I bought my Piccolo in February and it was my first foray into Japanese pens in general and urushi-finished pens in particular. Iíd read a lot of reviews of pens made by Nakaya and Danitrio and was intrigued by the overwhelmingly positive comments made by the reviewers. Two aspects particularly interested me: whether they lived up to their reputation on an aesthetic level, and whether they deliver as functional writing tools.
Leaving aside aesthetics for a moment, Iíve come to realise that the issue of whether a pen meets my requirements as a writing tool is more complicated than Iíd ever thought. When I started to pay serious attention to fountain pens, having been a casual user for many years, I started with the idea that I would try a few out and find the ďperfect pen for meĒ. Little did I guess what an interesting journey this would turn into, and how subtle and complicated would be the interaction between the key components of a fountain pen: the nib and feed design; the ink supply; and the materials, aesthetics and ergonomics of the supporting container Ė the section, barrel and cap. Iím sure Iíll set a lot of experienced heads nodding sagely when I say that Iím no nearer finding my perfect pen. Indeed, the whole idea of a Ďperfectí pen now seems slightly absurd. But, at any rate, Iíve had a lot of fun so far, and Iím sure thereís plenty more to come as long as my bank balance holds up!
Coming back to the Nakaya Piccolo (with apologies for the philosophical detour) its attractions were, for me, two-fold: itís probably the cheapest way to try a hand-made urushi pen and I liked the look of its shape and size. Up to that point, my biggest pen had probably been my Pelikan 625, so this seemed like a pen of a similar general size and this proved to be the case. Uncapped, the chunky little Piccolo might be a bit too small for those with large hands, but for me, itís very comfortable to hold. I find it easy to grip and the weight is about right too, neither too light nor noticeably heavy.
Mine is a medium point and find it similar to a western fine. I might enjoy it even more were it a tad broader, so Iíd be tempted to buy a broad next time and have it reground as a stub. Itís totally beyond reproach in terms of ink delivery. It started first time, never skips and writes just on the wet side of neutral. It doesnít matter how fast I write, the Piccolo always keeps up Ė very impressive. The nib is the standard Nakaya medium. Itís pretty firm and produces a very consistent line with no noticeable variation. My example isnít toothy, but it isnít butter smooth either. Actually, I rather like the feedback it provides and find it to be an effective writer, but not one that gives me a lot of pleasure to use. The end result on the page looks just a little boring to my eyes, but when Iím interviewing someone or taking notes at a meeting, this pen is the perfect choice Ė I can write quickly and everything is crisp and clear. The Piccolo has a C/C converter and ink capacity is fairly small. However, because of the fine nib, I find it lasts quite a while and itís simple and convenient to fill.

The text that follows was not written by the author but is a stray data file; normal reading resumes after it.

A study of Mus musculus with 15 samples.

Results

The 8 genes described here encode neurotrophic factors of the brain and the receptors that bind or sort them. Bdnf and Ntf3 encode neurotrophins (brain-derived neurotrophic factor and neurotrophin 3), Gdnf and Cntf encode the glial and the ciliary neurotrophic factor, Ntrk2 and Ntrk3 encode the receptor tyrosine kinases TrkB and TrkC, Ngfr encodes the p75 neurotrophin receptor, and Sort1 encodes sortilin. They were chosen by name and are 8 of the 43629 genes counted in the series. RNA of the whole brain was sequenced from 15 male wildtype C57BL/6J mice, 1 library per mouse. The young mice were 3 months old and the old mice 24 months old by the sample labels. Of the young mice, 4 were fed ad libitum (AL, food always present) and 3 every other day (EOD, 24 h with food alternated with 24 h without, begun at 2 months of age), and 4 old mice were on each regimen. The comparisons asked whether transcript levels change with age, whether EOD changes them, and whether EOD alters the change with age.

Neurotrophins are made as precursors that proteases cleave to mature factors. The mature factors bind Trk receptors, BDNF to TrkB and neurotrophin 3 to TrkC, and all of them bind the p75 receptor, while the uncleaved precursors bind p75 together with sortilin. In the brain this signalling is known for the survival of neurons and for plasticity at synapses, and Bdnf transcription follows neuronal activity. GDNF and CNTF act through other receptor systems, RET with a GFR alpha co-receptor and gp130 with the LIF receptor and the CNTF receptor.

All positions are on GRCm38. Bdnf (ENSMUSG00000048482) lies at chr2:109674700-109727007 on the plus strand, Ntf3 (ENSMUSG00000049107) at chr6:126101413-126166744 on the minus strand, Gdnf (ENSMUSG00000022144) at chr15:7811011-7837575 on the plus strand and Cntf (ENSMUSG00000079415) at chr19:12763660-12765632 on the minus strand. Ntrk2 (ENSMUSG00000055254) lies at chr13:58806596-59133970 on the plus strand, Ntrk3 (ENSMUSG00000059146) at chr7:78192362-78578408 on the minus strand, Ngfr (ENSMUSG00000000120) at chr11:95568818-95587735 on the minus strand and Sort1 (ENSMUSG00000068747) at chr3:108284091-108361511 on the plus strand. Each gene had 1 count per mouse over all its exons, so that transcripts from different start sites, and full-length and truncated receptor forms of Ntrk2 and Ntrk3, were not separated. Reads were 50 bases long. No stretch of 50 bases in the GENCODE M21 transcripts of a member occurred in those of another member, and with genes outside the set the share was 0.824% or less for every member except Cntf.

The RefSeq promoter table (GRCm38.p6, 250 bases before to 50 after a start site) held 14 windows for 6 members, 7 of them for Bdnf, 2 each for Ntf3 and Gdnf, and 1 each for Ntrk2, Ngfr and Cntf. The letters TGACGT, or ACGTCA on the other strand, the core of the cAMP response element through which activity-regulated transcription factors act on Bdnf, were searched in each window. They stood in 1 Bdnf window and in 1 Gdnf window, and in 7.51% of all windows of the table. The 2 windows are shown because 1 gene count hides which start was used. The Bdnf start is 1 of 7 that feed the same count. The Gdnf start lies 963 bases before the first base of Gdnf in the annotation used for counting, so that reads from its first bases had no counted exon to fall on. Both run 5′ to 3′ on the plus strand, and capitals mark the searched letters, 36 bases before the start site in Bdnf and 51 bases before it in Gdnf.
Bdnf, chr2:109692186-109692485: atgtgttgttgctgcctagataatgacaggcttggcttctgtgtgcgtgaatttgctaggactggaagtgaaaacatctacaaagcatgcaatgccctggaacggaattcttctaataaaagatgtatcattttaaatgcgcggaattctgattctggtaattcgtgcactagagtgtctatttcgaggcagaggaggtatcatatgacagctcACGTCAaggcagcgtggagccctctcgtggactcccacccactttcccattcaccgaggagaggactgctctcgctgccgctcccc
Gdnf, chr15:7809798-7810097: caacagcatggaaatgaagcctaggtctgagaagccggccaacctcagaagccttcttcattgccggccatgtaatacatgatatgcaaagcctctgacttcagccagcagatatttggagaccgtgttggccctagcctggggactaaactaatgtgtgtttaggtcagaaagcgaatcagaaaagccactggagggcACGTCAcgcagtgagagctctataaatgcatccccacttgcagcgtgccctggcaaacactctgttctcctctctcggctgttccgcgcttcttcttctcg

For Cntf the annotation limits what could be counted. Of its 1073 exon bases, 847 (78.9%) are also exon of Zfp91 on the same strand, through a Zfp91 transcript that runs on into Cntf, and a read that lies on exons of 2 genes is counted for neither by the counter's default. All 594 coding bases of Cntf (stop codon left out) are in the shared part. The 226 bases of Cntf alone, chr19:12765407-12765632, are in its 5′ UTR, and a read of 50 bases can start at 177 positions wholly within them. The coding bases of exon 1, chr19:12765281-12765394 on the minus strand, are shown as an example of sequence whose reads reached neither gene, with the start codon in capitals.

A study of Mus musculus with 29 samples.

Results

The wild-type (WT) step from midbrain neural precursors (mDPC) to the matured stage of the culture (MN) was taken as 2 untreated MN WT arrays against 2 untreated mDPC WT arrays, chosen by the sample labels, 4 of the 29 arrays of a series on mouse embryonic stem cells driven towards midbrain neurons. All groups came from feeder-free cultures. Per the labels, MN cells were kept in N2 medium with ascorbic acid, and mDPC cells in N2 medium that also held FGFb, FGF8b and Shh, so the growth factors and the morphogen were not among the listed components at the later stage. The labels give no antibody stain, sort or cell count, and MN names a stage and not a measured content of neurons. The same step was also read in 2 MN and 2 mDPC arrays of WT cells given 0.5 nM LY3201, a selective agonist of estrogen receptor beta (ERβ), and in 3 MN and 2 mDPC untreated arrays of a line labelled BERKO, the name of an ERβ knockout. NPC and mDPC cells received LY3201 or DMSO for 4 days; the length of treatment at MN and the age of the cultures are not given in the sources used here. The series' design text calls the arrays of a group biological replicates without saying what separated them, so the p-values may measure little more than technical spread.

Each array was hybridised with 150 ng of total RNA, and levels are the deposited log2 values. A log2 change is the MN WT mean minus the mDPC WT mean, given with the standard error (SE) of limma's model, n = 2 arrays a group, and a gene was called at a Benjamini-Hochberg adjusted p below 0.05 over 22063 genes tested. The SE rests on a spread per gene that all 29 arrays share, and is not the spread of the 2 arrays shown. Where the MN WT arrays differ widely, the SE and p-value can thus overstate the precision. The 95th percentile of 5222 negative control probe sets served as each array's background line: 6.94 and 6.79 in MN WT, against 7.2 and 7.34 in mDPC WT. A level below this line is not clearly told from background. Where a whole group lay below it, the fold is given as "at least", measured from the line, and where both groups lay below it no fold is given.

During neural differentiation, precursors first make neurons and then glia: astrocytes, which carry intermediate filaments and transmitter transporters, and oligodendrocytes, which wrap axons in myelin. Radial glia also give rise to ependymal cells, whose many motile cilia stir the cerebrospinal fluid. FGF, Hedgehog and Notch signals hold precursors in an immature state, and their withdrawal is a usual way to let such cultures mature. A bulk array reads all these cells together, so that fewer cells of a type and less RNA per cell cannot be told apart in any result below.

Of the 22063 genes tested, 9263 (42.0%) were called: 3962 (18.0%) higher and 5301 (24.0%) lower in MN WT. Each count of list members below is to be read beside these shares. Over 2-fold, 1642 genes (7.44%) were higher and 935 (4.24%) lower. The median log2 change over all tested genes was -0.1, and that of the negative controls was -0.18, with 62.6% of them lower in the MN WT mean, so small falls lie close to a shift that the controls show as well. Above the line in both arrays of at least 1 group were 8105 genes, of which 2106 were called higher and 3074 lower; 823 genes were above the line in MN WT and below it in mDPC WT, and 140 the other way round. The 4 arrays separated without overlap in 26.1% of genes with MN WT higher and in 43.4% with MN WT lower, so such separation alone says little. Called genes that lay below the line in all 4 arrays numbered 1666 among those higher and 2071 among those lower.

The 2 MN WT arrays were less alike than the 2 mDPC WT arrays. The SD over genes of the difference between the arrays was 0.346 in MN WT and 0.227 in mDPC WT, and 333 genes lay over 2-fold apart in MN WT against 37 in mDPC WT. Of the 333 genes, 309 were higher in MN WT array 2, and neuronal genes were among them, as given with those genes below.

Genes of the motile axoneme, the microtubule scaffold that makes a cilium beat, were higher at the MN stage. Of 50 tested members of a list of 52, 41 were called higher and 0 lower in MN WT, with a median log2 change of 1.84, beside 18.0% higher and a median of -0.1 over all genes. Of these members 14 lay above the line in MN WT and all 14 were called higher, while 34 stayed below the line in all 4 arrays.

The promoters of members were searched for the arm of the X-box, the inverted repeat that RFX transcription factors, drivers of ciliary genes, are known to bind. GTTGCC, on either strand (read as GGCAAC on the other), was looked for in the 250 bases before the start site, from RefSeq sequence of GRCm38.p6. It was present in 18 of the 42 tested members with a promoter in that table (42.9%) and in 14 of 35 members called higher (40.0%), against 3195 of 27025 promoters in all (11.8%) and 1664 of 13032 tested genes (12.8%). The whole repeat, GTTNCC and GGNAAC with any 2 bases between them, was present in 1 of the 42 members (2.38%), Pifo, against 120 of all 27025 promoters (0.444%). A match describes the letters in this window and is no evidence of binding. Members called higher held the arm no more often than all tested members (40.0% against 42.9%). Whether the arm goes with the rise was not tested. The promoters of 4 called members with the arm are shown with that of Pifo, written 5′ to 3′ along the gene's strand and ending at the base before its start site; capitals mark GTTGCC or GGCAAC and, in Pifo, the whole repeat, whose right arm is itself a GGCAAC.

From an aesthetic perspective, the pen is a runaway hit with me. It might just be a temporary phase but recently Iíve become rather turned off by unnecessary Ďblingí on fountain pens. I don't mean decoration in general, rather the kind of decoration that is just designed to make the pen look expensive or give an impression of wealth and power. It seems to me that pens such as this Nakaya belong to an aesthetic tradition with different values, one more concerned with traditional craftsmanship and a celebration of the natural world. This is apparent in their use of natural materials such as ebonite, the urushi lacquer, the delightful pen kimono and simple wooden box they come in.
Fit and finish on the Piccolo are excellent, but the urushi instantly reminds you that this pen has been made by a person, with care, and with concern for their craft. Thatís something I really like and makes the pen extra special for me. The design is nicely understated and doesnít draw attention to itself. Thereís no unnecessary ornamentation but the overall effect, particularly when closed is very harmonious and well-balanced. My only regret is that I bought mine with a clip, though it does have the practical advantage of helping to prevent it rolling off my desk! The urushi is very well applied and finished, with just a hint of variation that shows it was done by hand. Iíve read lots of comments about how the appearance of these pens changes as they age, but until now Iíd been rather sceptical. I canít really describe how mine had altered, but Iím conscious of a subtle change, a deepening or greater richness to the colour perhaps, that has certainly occurred since I received it. Urushi appears a durable finish. My Piccolo has been in almost daily use and still looks exactly as it did when I first unwrapped it.
Iím not into giving numerical scores, but I hope itís clear that my feelings for this little pen are very positive. The Piccolo may not be my favourite fountain pen, but it definitely has a long-term place in my pen case and it wonít be my last urushi pen. Iím a nature photographer and I like things that remind me of the natural world - and that's partly the reason why I like the Piccolo so much and wanted to review it. The pen's craft-based aesthetic and use of natural materials is part of its appeal for me, but so (weirdly) is its shape. This will probably sound really left field but uncapped, the Piccolo reminds me of one of my favourite insects Ė the broad-bodied chaser dragonfly. I've attached a picture - take a look and see if you agree with me!
Edited by Painterspal, 03 June 2009 - 19:42.